LSU, which is struggling to recover from an ongoing sexual harassment scandal that involved allegations against former coach Les Miles, is in the process of banning star running back Derrius Guice indefinitely from the athletics program, a school spokesman confirmed to ESPN on Friday.
The university is also cutting ties with its longtime law firm, Taylor Porter.
The decisions are part of sweeping changes LSU is making in response to a March report from Husch Blackwell, which detailed systemic failures by LSU to appropriately report incidents of athletic-related sexual misconduct and abuse.
Guice was charged in three separate domestic violence incidents in 2020 and two women accused him of sexual assault while he was a freshman in 2016. A third LSU student alleged in 2016 that Guice had taken a partially nude photo of her, without her knowledge and showed the pictures to his teammates.
The university plans to remove his statistics from the school record books.
The Husch Blackwell report also revealed that former LSU athletic director Joe Alleva recommended in 2013 that Miles be fired as head coach of the football program after accusations of inappropriate behavior with female student workers.
At its next meeting, LSU’s current Board of Supervisors will also consider a “Vote of Disapproval” for the failure of three previous board members to tell the rest of the group about the allegation of misconduct made in 2013 against Miles. The board will formally recognize that similar personnel matters should be shared with the full group moving forward.
According to Taylor Porter’s 2013 internal investigation on behalf of LSU, Miles was accused of contacting female students via Facebook and text, meeting them off campus alone and kissing at least one of them. According to the report, Miles strongly denied kissing the student and said he didn’t do anything wrong and that he was mentoring young women at the university.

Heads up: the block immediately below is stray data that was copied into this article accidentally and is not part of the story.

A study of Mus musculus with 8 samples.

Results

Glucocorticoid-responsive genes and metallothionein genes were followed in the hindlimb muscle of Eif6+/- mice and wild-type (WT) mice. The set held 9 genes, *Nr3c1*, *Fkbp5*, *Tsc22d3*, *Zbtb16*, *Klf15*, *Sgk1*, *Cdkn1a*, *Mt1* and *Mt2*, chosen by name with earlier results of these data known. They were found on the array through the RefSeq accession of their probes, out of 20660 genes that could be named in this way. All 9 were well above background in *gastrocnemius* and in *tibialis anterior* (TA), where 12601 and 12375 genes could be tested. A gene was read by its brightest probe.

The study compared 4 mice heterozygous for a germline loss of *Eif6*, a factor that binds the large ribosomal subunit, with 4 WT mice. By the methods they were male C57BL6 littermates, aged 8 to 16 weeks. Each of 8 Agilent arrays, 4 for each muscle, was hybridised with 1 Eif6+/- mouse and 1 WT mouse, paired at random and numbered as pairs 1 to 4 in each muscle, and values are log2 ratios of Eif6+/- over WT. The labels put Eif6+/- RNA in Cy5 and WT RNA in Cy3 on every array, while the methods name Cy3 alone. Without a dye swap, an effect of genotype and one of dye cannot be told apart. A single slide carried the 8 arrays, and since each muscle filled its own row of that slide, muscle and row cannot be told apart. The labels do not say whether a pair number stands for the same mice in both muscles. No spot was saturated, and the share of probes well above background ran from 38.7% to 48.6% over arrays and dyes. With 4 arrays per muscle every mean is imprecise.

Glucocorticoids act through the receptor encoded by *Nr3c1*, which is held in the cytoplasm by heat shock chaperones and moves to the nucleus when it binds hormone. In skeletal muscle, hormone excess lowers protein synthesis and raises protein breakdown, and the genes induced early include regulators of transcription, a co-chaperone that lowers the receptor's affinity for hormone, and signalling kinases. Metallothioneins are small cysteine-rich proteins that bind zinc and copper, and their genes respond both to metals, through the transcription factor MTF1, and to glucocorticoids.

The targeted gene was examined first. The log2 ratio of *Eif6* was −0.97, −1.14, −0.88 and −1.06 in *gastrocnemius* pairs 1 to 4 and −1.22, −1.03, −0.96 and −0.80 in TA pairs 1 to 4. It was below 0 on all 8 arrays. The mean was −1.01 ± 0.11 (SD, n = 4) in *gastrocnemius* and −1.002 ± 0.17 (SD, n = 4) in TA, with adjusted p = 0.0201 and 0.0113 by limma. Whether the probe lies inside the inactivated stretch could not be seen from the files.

Miles, through his attorney, has continued to deny any misconduct and has since left his job as head coach at Kansas.
According to a copy of the May 15, 2013, Taylor Porter report, which was obtained in March by ESPN, only three of the 16 LSU board members — Hank Danos, Bobby Yarborough and Stanley Jacobs — were involved and informed of the process. According to the report, those present “agreed that this was appropriate administrative action that could and should be taken without further review by the full board.”
Taylor Porter, which is based in Baton Rouge, was LSU’s law firm for the past 80 years.
“LSU has issued a notice to Taylor Porter removing them from all pending litigation,” Ernie Ballard, media relations director at LSU told ESPN on Friday night.
David Shelby, Taylor Porter’s general counsel, told The Advocate on Friday night that the firm acted ethically.
“Our firm’s attorneys made no recommendations about who should be informed of the results of the investigation,” Shelby told the paper, which first reported the story. “Indeed, it was not our place to do so in light of the issues presented by the investigation. Any suggestion that Taylor Porter orchestrated or participated in a cover-up is absolutely false, and, in time, the full record will make this clear.”
LSU is also imposing additional discipline on several of its staff members, according to information provided by LSU on Friday night.
Assistant athletic director Verge Ausberry, who received a text message in 2018 from a football player who admitted to hitting his girlfriend but didn’t report it to police or Title IX, is suspended from football games this season. He already completed a 30-day suspension without pay, and is now going through training on sexual assault. He is required to provide personal responsibility training and sexual misconduct training annually for groups across campus.
Senior associate athletic director Miriam Segar has been removed from her Student Conduct role and served a 21-day suspension without pay. She is in the process of mandatory training on sexual assault.